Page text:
To expand slightly on Van der Waals:
As you probably know, electrons don’t really “orbit” around a nucleus. One can roughly approximate their behavior to instantaneously blipping in and out of existence in various locations around the positively charged center. We generally think of this as a probability distribution or electron cloud.
Now, at any one moment, all the electrons around a given nucleus are happy to stay within their defined orbital which we usually define as a shell within which we have a 90% chance of finding the given electron. However, those electrons might, due to sheer chance, momentarily ‘exist’ in an unequal distribution around the nucleus. Very briefly, electrons might pile up to one side of the nucleus. Being negatively charged, this inequality will - just for a moment - induce a dipole in the atom/molecule in question, giving it a positive side and a negative side.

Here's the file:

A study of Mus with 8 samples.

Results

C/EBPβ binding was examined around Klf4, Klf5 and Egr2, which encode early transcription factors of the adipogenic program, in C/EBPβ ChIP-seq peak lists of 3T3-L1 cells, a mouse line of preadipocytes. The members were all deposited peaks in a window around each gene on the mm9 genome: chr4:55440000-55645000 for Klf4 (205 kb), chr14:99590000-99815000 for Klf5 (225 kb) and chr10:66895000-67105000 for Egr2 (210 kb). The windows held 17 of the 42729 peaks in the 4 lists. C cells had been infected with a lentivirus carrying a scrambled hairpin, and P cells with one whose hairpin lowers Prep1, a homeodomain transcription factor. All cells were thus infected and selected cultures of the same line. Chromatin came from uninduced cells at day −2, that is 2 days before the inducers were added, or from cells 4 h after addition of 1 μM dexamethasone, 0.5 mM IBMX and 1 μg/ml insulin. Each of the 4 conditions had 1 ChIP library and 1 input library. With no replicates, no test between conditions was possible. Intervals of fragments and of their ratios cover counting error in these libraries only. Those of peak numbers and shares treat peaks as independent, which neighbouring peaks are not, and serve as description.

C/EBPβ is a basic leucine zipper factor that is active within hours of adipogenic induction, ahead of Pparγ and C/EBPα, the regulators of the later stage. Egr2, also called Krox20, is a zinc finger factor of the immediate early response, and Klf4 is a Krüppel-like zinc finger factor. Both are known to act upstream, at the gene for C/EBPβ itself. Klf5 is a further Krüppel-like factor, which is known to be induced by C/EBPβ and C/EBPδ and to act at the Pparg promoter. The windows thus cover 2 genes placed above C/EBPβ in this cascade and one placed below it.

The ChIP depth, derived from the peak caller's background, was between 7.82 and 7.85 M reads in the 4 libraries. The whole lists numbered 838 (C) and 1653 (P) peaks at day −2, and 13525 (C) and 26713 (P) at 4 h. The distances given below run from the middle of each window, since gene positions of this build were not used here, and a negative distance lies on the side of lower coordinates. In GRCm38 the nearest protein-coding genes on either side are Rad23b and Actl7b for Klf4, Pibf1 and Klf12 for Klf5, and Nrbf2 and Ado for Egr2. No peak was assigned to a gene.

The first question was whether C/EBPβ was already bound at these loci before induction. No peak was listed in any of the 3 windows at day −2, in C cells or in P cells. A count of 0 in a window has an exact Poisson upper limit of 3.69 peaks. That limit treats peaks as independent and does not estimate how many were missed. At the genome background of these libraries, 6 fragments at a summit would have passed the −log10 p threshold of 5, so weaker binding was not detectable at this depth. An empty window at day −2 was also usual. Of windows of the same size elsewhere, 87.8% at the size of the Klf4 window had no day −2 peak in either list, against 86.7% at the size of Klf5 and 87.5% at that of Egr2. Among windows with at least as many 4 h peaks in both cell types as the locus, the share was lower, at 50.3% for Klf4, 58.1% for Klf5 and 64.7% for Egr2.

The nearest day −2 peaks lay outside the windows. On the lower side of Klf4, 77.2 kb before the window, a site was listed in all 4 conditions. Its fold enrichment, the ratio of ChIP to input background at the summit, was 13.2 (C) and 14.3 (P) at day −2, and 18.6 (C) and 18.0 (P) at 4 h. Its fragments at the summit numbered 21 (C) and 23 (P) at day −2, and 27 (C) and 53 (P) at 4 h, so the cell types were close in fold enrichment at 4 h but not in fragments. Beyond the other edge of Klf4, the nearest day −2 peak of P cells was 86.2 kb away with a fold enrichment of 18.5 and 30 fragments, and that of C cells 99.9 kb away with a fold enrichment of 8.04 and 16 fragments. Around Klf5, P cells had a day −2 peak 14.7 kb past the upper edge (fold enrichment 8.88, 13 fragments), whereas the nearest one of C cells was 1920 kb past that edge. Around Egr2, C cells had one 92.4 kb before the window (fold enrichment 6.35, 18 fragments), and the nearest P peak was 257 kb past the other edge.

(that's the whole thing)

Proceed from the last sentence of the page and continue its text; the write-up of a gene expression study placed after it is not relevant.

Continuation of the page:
This momentary dipole can induce other dipoles in the materials surrounding it, polarizing nearby molecules in the opposite direction. Opposites attract, and so simply due to the random motion of electrons, every molecule experiences an attractive force to other nearby molecules. This ‘dispersion’ force is usually swamped by other, more powerful effects like permanent dipoles or other electrostatic/polar interactions, but in some materials and at very close distances, the effects can be profound.
Additionally, by placing two very smooth plates together one can exclude air from the interface between them, resulting in what is essentially suction between the pieces.
To really see these interactions on a macroscopic scale, you need (as has been mentioned) two very smooth, very clean, very close surfaces. You can see a similar sort of effect with new microscope slides, although air pressure is playing the larger role here too.
I don’t know which forces are dominating in your case or what kind of glass you’re using, but your friend is, bluntly, wrong. Try looking at a piece of common glass under a microscope, if you have one available.